Mark Hollis, Talk Talk lead singer, dead at 64
Hollis co-founded the influential band which had hit singles including ‘It’s My Life’
Talk Talk singer Mark Hollis in London in 1990. Photograph: Martyn Goodacre/Getty Images
Mark Hollis, the founder of Talk Talk, one of the UK’s most influential electronic/ambient groups, has died at the age of 64.
The news was first reported on Monday by Anthony Costello, a relative of Hollis, and subsequently confirmed by Hollis’s former bandmate Paul Webb, who posted, “I am very shocked and saddened to hear the news of the passing of Mark Hollis. Musically, he was a genius and it was an honour and privilege to have been in a band with him. I have not seen Mark for many years, but like many musicians of our generation I have been profoundly influenced by his trailblazing musical ideas. He knew how to create depth of feeling with sound and space like no other.”
Tributes have poured in from his peers, colleagues and fans. Matt Johnson, of contemporaneous group The The, said Hollis made some of the best albums of the late 1980s. “Very sorry to hear the news that Mark Hollis of Talk Talk has died. He was behind some of the finest albums of the 1980s/early 1990s. R.I.P,” he wrote on Twitter. Yannis Philippakis, of rock group Foals said: “I always wanted to meet Mark Hollis & say thank you for his music. Hope he knew how much he meant to so many of us. R.I.P.”
Although he had retired from recording over 20 years ago – “I choose for my family,” he said of his decision, “I can’t go on tour and be a good dad at the same time” – the music he helped to create through sophisticated art rock albums such as 1988’s Spirit of Eden and 1991’s Laughing Stock continued to be held up as early milestones of post-rock. Music acts such as Radiohead, Sigur Rós, and Portishead would openly admit their debts to Talk Talk.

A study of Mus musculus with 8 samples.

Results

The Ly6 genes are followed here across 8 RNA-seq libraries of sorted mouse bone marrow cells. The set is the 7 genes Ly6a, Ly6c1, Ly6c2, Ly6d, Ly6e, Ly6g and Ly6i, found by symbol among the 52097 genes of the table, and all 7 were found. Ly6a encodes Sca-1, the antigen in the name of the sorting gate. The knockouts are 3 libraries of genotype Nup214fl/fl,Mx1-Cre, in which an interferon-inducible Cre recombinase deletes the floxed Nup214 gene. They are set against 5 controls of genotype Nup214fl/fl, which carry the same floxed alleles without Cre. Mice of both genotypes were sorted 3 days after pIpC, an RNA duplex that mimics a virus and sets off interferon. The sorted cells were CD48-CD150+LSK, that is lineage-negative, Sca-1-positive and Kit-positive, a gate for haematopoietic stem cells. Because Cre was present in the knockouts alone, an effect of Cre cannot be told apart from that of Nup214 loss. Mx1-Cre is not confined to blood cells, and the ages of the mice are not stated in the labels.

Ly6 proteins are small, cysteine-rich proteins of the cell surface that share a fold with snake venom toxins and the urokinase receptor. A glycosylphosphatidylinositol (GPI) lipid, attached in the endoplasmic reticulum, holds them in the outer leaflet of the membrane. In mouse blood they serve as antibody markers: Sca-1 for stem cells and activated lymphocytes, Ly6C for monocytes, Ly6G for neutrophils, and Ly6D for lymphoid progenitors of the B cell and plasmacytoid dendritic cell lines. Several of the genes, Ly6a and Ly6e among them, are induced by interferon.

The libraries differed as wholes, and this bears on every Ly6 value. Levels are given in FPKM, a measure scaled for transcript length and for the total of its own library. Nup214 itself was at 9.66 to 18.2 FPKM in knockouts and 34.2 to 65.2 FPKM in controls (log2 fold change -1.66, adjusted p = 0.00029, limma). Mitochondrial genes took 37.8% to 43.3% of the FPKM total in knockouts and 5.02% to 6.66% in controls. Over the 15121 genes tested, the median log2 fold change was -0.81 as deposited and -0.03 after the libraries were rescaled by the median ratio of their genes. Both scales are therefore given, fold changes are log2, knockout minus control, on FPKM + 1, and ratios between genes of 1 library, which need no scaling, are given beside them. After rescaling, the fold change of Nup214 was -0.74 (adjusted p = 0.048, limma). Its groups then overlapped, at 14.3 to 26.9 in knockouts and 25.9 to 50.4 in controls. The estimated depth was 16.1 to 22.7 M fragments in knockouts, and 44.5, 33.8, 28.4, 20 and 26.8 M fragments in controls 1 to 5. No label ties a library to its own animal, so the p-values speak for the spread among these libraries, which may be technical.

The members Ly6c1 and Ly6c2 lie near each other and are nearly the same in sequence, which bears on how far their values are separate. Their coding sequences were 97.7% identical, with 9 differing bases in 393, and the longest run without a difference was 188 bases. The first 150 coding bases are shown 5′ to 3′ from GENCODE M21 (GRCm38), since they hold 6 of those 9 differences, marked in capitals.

Born in London in 1955, Hollis formed Talk Talk in 1981, steering the group through two distinct musical phases. The first was as a mainstream synth-pop group, with hit singles such as Today, and Talk Talk (both 1982), It’s My Life (1984) and Life’s What You Make It (1986).
The second phase was something much closer to Hollis’s creative mindset – a contemplative and improvisational approach to writing music, away from the glare of television studios and the inquisitiveness of the media.
Pop music absented itself with the group’s third album, 1986’s The Colour of Spring, and was further shoved aside by Spirit of Eden and Laughing Stock. The recordings of the latter two albums, in particular, were beset by obsessive attention to detail: Hollis sequestered himself in rooms with no clocks, interrupted only by guest musicians that were requested to play segments of unrehearsed music for which they were given no context.
No matter how they were achieved, the end results (including his vocals) were remarkable.
Hollis’s improvisational work practices, however, proved Talk Talk’s undoing in that they made touring an album – and replicating the music – impossible. Following the release of Spirit of Eden, he said that he could never play the music because he wouldn’t know how. “To write it down and then get someone to play it would lose the whole point, lose the whole purity of what it was in the first place.”
Talk Talk disbanded in 1992. Hollis’s final recordings included a self-titled solo album in 1998, and a contribution in the same year to the UNKLE album, Psyence Fiction. Due to a firm desire for privacy, he had asked for his name not to be entered into the album credits.
Hollis leaves behind a legacy perhaps unnoticed by the broader population, but which typifies a musician (who admitted he could be “a difficult geezer”) who refused to bow to commercial pressures. The exact cause of his death is not known.